In the past month, I’ve suddenly become an expert in a topic I never thought anyone else would care about: With many states’ schools closed through the end of the academic year and most parents working from home, my life as a homeschooling parent who also works from home is now the new normal for most American families.

And if social media frustrations are anything to go by, they’re struggling — as I once did.

I hadn’t planned on homeschooling my child: In fact, for 10 years, I was a public school teacher, teaching elementary general music and, eventually — after earning my master’s degree — reading education. But after the birth of my second child and a serious health scare with my first, my maternity leave just sort of never ended and, in 2014, I started homeschooling.

These past six years have required me to make some serious adjustments from being a classroom teacher with a routine to a homeschool mom with a completely different one.

What nobody told me when I started was that the cardinal rule of homeschooling is: Don’t even try to replicate school at home. Even if you’re using the work that the school system is giving you, the advantage of distance learning is that you can find out how your child learns and what helps them learn best, and then use that information.

As a parent, you might be getting different feedback from your kids’ teachers right now, and that’s understandable: When you are responsible for classrooms of 20 or more students, organization is a requirement of the job. I had color-coded schedules, color-coded seating charts and color-coded classroom folders to help everyone stick to a rigorously planned schedule.


Like everyone else, I’ve seen the multicolored schedules floating around online, and I understand why parents lunged at them like lifeboats: If we can just follow this, we’ll be OK. And, sure, some kids may love the schedule at first, since it’s what they’re accustomed to — but I’ve already seen parents who are meeting some pushback.

The best part of homeschooling, really, is the flexibility. I had to let go of what a school day is “supposed” to look like, and I went with what worked best for us. In our case, I make a daily agenda with the assignments for the day. Rather than saying “30 minutes of math,” I give them their assignments and I let them choose in what order they want to work through the list — and when they want to start it.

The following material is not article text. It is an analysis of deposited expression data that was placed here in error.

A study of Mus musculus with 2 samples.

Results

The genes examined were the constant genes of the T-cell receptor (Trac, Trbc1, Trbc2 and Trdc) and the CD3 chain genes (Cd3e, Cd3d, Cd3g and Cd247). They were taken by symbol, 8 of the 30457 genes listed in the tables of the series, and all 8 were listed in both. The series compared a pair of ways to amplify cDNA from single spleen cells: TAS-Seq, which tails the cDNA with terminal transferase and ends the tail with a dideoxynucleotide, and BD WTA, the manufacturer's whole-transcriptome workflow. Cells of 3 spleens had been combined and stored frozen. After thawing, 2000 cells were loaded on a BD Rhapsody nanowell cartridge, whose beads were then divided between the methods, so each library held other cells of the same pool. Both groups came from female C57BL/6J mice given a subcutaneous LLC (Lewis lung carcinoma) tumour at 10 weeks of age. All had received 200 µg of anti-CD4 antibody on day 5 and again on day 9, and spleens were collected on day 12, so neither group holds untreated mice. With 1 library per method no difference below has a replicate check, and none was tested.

If your assignments are coming from the school system, work with them to see if your kids have any flexibility in how their days are spent; their teachers were thrown into this, too, and they’re going have just as much of a learning curve as you. While there may be certain projects for which they’ll have to be online at a certain time, there may be other assignments that they can work through with flexibility. Look at how your day might flow and adjust from there until you find a fit that works in your house.

As we’re all adjusting to the reality that homeschooling won’t be quite as temporary as we might have all hoped, reviewing what has worked and what hasn’t with your kids and their teachers will be an important part of making the next few weeks more functional for everybody.

Every homeschooling parent — whether they made a deliberate choice to homeschool or had the choice thrust upon them — will have days when if feels like nothing works. Sometimes, that’s on Day One. Sometimes, you’ll get a brief honeymoon period with your kids — just long enough to think that you can handle homeschooling — and then things will completely unravel.

You will think that you can’t do this, that your kids are doomed, and that homeschooling is a disaster. You’ll look at a child with tears in their eyes and a worksheet in front of them that you can’t seem to explain, and think, “This has all gone horribly wrong.”

I’ll let you in on a secret: Classroom teachers have days like that, too. When I was teaching, there were days when the final bell would ring, and I’d sink down and wonder how I could be so exhausted and still not have managed to teach anyone anything. I’d stare at my plans, wondering how all my preparation could have gone so wrong. Was it me? Was it the kids? Was anyone going to make it through the year?

When I started homeschooling and my kids and I would have days where everything fell apart, I’d remind myself that classroom teachers have those same doubts. It’s not the homeschooling; it’s just life.

These days are going to happen even when you’re not facing stressful times, which we certainly are right now. They’re going to happen when your family is going through a big change, and they’re going to happen when the shine of homeschooling wears off. Don’t beat yourself up. There’s a learning curve to finding your rhythm at home, and everyone has days they struggle.

When things aren’t working for you and your child, just adjust. Switch to another task. Take a break, even if it isn’t in the schedule. Go outside. Have everyone grab a book and retreat somewhere to decompress. Reach out for help. Email the teacher and say that you’re struggling. Call a friend. Message a mom you know who homeschools — since literally everybody does right now — and ask for advice.

Finally, remember that we are all in a unique situation. The vast majority of families who homeschool during normal times are very social, so the isolation you’re feeling right now is felt by them, too. We are all — veteran homeschooling parents, teachers and parents who are new to this — trying to make this work for the kids. And we’re all apparently in it for the long haul.